The Women Shaping China’s Economic Growth

Why China has the world’s most self-made women billionaires.

Photo: Image Source/REX/Shutterstock

Want to know how China’s economy is really doing? Look to the women. They’re a growing center behind the money and spending power in Beijing, Shanghai, and other large cities. There are more than 140 self-made women billionaires in China today, which is more than three-quarters of all the self-made women billionaires worldwide.  Moreover, there is an entire generation of urban millennial women who are working in high-powered jobs or running their own businesses with significant disposable income, and they are spending it.

“Many of them are single, or marrying later, and that affects where their disposable income goes,” says Roseann Lake, whose new book Leftover in China: The Women Shaping the World’s Next Superpower covers these accomplished young women and the contradictions they face as they overturn 6,000 years of tradition. They spend on jewelry, luxury items, smartphones, makeup, personal trainers, high-end vacations, and sometimes the latest appliances and gadgets for their parents, just to prove that a successful daughter doesn’t need a husband to provide for the family. Still, the older generation calls them “leftover women,” —yes, like cold leftover rice—if they are, horrors, still single in their late 20s and early 30s. And parental pressures to find a husband can be fierce.

 

Author Roseann Lake. 

Here’s an excerpt of a conversation Lake witnessed between Zhang Mei, Lake’s friend and Mandarin teacher, and her mother, who wanted her daughter to bring “someone—anyone” home for Chinese New Year and marry him. “But there’s definitely a greater chance of divorce if I marry a stranger,” Zhang Mei said. “You’d rather increase my chances of divorce?” Her mother responded: “At least you will have been married!”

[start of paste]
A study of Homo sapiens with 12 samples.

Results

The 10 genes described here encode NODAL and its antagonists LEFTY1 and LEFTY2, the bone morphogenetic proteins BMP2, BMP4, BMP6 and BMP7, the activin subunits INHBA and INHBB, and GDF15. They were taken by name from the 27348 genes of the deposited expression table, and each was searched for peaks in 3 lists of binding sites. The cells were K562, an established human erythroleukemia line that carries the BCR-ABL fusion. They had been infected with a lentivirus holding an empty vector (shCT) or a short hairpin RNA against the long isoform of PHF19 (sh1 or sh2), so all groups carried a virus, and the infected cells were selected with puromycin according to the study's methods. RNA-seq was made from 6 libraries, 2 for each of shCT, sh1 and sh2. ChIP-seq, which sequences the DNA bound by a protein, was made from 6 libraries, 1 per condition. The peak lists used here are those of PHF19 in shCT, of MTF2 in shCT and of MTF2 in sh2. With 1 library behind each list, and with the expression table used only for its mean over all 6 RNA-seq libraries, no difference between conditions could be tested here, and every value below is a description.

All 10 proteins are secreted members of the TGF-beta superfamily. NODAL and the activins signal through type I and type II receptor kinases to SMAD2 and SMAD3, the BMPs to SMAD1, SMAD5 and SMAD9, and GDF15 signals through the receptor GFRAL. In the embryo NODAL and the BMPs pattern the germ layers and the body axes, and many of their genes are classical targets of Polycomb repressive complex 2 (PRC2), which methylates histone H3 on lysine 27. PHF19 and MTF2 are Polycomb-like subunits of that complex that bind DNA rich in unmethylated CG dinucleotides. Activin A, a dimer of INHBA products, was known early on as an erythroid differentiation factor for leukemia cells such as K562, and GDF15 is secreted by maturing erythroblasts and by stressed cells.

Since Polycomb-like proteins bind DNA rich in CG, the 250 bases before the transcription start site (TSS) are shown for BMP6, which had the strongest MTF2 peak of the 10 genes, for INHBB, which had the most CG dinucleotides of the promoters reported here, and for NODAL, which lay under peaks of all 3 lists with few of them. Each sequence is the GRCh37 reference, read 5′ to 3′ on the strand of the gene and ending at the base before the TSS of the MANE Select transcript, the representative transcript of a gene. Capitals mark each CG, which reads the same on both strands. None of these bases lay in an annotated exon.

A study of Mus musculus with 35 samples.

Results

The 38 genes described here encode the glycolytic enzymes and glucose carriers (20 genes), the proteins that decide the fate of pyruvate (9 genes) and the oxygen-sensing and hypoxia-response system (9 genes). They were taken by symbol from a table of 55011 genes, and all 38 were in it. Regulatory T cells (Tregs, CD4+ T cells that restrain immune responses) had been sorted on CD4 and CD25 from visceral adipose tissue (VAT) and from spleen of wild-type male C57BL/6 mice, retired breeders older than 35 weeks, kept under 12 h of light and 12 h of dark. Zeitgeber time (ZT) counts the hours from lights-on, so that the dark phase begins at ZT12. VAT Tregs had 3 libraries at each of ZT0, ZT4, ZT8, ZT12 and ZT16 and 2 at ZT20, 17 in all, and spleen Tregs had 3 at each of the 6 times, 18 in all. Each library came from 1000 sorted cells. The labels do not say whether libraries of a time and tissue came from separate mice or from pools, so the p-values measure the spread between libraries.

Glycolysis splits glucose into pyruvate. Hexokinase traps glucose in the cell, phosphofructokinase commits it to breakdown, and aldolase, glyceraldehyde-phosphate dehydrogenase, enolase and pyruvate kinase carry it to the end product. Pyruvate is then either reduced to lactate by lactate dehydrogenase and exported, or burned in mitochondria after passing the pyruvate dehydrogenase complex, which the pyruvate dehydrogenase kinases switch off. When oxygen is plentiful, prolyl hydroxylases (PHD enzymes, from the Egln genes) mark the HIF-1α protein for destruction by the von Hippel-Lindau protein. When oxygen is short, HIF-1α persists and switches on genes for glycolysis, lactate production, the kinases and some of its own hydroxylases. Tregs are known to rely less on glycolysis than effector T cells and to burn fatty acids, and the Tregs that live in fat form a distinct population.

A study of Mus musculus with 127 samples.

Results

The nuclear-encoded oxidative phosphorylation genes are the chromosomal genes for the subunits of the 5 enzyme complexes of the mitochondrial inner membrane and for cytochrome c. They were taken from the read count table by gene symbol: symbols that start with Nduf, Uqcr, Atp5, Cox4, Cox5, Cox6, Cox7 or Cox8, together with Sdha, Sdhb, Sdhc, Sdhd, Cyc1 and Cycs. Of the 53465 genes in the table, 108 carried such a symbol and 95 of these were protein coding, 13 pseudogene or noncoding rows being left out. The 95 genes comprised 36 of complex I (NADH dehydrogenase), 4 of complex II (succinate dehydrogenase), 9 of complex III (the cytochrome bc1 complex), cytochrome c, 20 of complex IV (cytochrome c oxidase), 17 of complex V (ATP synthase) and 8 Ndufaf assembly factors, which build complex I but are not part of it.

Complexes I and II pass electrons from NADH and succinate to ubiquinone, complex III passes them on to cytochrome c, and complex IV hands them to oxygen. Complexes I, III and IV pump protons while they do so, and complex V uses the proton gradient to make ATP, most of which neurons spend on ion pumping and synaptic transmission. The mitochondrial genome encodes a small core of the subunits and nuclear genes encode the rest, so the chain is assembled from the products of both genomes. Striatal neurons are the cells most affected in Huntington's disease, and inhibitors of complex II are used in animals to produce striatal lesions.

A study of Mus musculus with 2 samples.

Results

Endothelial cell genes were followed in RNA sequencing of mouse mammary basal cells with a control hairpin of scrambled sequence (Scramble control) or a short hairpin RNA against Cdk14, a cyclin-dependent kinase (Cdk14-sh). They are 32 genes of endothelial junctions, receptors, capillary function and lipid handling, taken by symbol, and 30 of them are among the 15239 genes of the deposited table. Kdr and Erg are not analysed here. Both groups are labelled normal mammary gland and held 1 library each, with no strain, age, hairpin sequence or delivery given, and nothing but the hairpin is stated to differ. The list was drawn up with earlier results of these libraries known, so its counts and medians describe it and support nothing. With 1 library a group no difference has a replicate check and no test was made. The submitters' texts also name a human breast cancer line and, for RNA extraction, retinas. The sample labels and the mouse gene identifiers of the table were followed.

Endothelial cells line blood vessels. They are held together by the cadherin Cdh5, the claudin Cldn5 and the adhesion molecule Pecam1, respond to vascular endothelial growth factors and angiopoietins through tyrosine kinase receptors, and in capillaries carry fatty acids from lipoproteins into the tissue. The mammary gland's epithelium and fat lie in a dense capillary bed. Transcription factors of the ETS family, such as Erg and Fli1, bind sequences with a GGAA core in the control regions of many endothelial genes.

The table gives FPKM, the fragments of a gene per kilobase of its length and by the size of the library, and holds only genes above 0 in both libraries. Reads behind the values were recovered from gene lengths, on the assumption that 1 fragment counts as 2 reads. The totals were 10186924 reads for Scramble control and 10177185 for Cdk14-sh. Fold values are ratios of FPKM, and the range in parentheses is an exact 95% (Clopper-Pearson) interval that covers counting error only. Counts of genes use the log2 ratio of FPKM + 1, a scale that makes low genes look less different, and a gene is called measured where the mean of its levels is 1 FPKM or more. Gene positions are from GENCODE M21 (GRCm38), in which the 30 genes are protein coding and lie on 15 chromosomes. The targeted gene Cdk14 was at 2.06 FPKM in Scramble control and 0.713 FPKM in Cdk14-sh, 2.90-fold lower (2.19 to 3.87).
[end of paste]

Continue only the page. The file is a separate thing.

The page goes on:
There are more than 140 self-made women billionaires in China today,

which is more than three-quarters of all the self-made women billionaires worldwide.

 

Lake, now a correspondent for The Economist, lived in Beijing between 2010 and 2015. While working at a TV station there she met any number of smart single women whose lives played out a bit like “Sex and the City” Beijing style. They looked fabulous at all times and while their pragmatic parents were hoping they’d find husbands who would bring the family honor and assets, the women themselves were searching for soul mates. But in China’s cities, eligible young women outnumber compatible men. It’s an unforeseen consequence of the one-child policy that was in effect between 1979 and 2016: While statistics tell us that China has close to 30 million more men of marriageable age than women, most of those men live in the countryside, where parents went to great lengths to make that one child a boy, and some 30 to 60 million girls may have been aborted, killed, abandoned, or possibly just never registered with the local authorities. In the cities, thanks to a booming economy and a certain degree of adherence to women’s rights, daughters who were only-children “had unprecedented access to education and then work opportunities,” says Lake. Now they aren’t interested in marrying men with less education and social standing.

As the Chinese economy evolves from being the factory of the world to a knowledge- and service-based economy, however, “these women are going to be an important part of that transition,” says Lake. In the book she quotes a psychology professor at China’s Tsinghua University who tells her the young, educated women are one of the secrets behind China’s economic miracle. They’re the vanguard of social development, the professor says, and “the rest of the country hasn’t quite caught up to them.”

Bain & Company, in its 2017 China Luxury Report indicates they are also at the forefront of new luxury trends, with domestic spending up 20 percent overall for the year, and growing even faster in female categories such as cosmetics, fashion, and jewelry. And more and more women entrepreneurs in China are starting technology businesses, including artificial intelligence and virtual reality.

For investor insights, keep an eye on these women, the companies they’re starting, and the brands they’re buying. China’s equity and real estate markets are fraught with risk, but foreigners looking to capitalize off of the country’s continuing transformation might consider companies that list in the U.S. or Europe, private equity funds with a China focus, or foreign luxury brands that are popular among Chinese millennial women.

“Deep down,” says Lake, “I think their parents know they’re going to be just fine, too.”